Tips for effective communication
• Use positive words continuously
• Use key words such as “speedy,” “reliable” and “exceeds”
• Use language the general public can understand
Source: Merrie Spaeth, founder of Spaeth Communications, Inc.
People generally remember very little of the conversations they have afterward, the founder of Spaeth Communications said during a presentation today.
This is the foundation that Merrie Spaeth based Spaeth Communications, Inc., on.
“I realized that most people approach communication with the attitude of what they want to say, what they think people needs to know,” Spaeth said. “And of course the minute you ask how much people remember from what you say, a lot or a little, what’s the answer? Not that much.
She presented as a part of the Vernon C. Schranz Distinguished Lectureship in Public Relations, explaining what is effective and ineffective speech.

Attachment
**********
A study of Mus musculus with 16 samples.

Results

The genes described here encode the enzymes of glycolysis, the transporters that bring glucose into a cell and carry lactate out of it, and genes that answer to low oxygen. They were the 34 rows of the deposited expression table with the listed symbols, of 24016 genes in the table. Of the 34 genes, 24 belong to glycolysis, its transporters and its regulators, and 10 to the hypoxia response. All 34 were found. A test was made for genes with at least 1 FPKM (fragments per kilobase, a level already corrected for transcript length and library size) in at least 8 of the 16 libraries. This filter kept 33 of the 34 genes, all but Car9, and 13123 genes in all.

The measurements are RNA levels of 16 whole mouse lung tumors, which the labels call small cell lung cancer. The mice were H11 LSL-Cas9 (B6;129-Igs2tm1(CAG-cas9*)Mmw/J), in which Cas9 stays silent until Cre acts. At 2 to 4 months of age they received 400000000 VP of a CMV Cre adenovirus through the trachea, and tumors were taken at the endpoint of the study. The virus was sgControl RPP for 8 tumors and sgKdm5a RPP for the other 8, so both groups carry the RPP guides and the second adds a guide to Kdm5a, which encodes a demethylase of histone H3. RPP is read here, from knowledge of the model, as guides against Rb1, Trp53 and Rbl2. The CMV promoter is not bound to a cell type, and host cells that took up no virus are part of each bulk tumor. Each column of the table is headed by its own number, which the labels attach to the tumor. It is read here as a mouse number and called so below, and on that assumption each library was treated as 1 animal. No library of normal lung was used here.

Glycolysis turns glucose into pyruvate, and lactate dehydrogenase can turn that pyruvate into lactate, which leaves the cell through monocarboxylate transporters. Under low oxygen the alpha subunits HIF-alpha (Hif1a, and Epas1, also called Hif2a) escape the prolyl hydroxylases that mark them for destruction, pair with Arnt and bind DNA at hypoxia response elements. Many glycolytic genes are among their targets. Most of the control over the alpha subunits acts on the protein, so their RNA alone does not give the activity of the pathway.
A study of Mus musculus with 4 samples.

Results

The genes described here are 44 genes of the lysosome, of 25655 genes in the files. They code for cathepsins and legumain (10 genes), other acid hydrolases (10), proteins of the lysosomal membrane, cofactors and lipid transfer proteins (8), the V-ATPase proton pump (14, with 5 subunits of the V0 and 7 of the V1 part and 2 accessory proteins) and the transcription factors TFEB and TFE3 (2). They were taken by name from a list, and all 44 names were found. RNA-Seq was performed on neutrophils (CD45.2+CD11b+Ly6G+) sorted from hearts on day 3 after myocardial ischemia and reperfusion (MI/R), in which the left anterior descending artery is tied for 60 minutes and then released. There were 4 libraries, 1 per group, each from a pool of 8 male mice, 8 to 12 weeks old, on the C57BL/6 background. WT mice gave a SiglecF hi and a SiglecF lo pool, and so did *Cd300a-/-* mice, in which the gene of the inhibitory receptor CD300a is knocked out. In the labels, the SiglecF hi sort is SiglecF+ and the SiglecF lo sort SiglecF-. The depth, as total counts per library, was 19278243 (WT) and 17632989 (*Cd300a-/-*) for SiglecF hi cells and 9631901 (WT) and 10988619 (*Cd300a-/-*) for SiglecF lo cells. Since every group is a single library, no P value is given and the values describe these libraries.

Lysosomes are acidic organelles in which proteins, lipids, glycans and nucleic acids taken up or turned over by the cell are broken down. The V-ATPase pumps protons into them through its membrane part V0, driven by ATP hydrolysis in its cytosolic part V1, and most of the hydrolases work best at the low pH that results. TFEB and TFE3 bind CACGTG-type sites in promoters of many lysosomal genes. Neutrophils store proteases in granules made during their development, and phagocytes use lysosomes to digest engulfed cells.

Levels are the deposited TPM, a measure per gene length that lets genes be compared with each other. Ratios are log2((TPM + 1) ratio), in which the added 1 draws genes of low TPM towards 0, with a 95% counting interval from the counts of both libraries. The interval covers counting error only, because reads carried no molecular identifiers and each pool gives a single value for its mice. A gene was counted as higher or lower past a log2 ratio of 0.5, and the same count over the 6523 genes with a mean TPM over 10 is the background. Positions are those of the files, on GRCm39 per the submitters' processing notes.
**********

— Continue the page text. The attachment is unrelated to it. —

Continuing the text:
“Over the last couple of decades, we have framed people to think that a good question is a negatively framed question,” Spaeth said. “Bad things are more memorable and negative words cause us huge problems.”
Spaeth stressed the importance of using positive words and continuously using the same positive words. “Speedy,” “reliability” and “exceeds expectations” are all words used regularly by FedEx, who is one of Spaeth Communication’s clients.
“You can frequently take a piece of paper and keep track of the good words,” Spaeth said. “When the words disappear, it says the company is not very invested in them. You can tell where communication fits into this business … You see leaders looking proactively for opportunities to use [positive words].”
Spaeth also said people need to use language the general public would understand. She showed a video of a businessman answering an angry woman’s question in a town hall meeting. He was using complex language and the woman was only growing angrier since she didn’t understand what he was saying and it didn’t seem like he was doing anything to help.
“The thing she wants to hear out of his mouth is ‘I’m sorry.’ … It’s purpose is to be an ‘I hear you,’” Spaeth said. “The next thing she wants to hear is ‘I’ll fix it.’ And ‘I’ll look into it’ or ‘I promise I’ll look into it’ – the word promise matters.”